N.C. distilleries can soon sell bottles to customers

N.C. distilleries can soon sell bottles to customers

Gov. Pat McCrory on Friday signed into law a bill that lets distilleries sell one bottle of their alcohol to an individual customer once per year. Previously, the products were only available at the state’s ABC stores.

It’s a change that supporters say will give distilleries a marketing and revenue boost, while not hurting revenue to the state’s ABC system.

“We’re definitely pretty stoked,” said Robbie Delaney, owner of Belmont’s Muddy River Distillery, the state’s first rum distillery since Prohibition. “It’s a big deal. … It’s definitely going to change how we do business.”

The biggest change at Muddy River looks to be expanded hours for tours of the facility. Now, tours are by appointment only. But with the passage of HB 909, it makes sense to have regularly scheduled tours during the week, Delaney said.

And that will be huge, he said, because he estimates that more than half of the visitors will buy a bottle of alcohol before leaving.

“That would be a pretty good hit every week,” Delaney said.

Now, visitors are often surprised to learn they can’t buy any alcohol on site, with Delaney and his wife, Caroline, left to explain the nuances of the state’s current law. “It’s a little bit embarrassing,” Delaney said.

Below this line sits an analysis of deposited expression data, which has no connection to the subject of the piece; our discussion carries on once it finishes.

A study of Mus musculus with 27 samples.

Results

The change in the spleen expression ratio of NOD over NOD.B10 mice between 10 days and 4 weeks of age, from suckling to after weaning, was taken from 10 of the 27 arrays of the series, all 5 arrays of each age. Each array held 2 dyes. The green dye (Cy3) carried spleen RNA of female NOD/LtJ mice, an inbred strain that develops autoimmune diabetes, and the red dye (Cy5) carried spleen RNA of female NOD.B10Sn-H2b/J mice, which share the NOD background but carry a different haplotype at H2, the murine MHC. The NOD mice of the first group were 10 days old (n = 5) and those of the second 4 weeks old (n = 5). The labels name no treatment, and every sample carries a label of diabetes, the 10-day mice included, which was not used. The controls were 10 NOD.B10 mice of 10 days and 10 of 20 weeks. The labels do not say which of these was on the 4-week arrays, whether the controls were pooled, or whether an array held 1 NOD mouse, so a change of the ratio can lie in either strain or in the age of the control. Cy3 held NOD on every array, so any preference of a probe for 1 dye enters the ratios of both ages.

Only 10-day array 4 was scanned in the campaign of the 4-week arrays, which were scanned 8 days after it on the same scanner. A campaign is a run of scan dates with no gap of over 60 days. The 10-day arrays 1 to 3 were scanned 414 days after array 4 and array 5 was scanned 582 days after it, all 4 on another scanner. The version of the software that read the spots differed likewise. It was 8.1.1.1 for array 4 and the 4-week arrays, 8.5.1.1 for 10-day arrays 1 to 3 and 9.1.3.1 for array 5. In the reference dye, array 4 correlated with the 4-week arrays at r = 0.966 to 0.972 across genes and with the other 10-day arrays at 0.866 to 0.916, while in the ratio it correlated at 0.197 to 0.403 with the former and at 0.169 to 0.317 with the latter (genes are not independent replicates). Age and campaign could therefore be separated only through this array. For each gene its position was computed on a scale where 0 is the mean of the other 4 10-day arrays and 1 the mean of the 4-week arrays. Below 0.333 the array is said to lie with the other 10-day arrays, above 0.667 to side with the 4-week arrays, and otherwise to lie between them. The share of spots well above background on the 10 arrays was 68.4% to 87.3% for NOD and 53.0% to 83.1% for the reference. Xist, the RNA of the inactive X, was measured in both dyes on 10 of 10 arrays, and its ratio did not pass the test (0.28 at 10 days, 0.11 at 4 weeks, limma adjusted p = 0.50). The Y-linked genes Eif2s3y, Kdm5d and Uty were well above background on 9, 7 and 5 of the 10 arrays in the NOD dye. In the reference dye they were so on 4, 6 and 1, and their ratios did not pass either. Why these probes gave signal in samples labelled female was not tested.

The new law requires that distilleries keep electronic records of customers’ name, date of birth and driver’s license number to ensure the once-per-year limit isn’t violated.

Muddy River produces about 300 bottles of its rum per day on average. Delaney estimates that selling products on site will mean a modest bump in revenue – about 5 percent. But that should be enough to hire more staff, he said.


The positive effect on distilleries was a big reason supporters fought for HB 909, which also bans the sale of powdered alcohol, creates permits for selling antique liquor at least 20 years old, and allows the sale of alcoholic cider and unfortified wine in growlers for off-site consumption.

“We heard from business owner after business owner across the state about ABC provisions that were impeding company progress,” House Majority Leader Mike Hager, a Rutherford County Republican, said in a statement, according to The (Raleigh) News & Observer.

Though happy for the increased marketing and revenue potential, Delaney said the trick will be to not sell so much that it hurts the state’s ABC stores. The ABC system has been good to Delaney and others, he said.

“We’ve got to be sure not to bite the hand that feeds us,” he said.

Muddy River plans to throw a party sometime around Oct. 1 to celebrate the change in the law, the Delaneys said.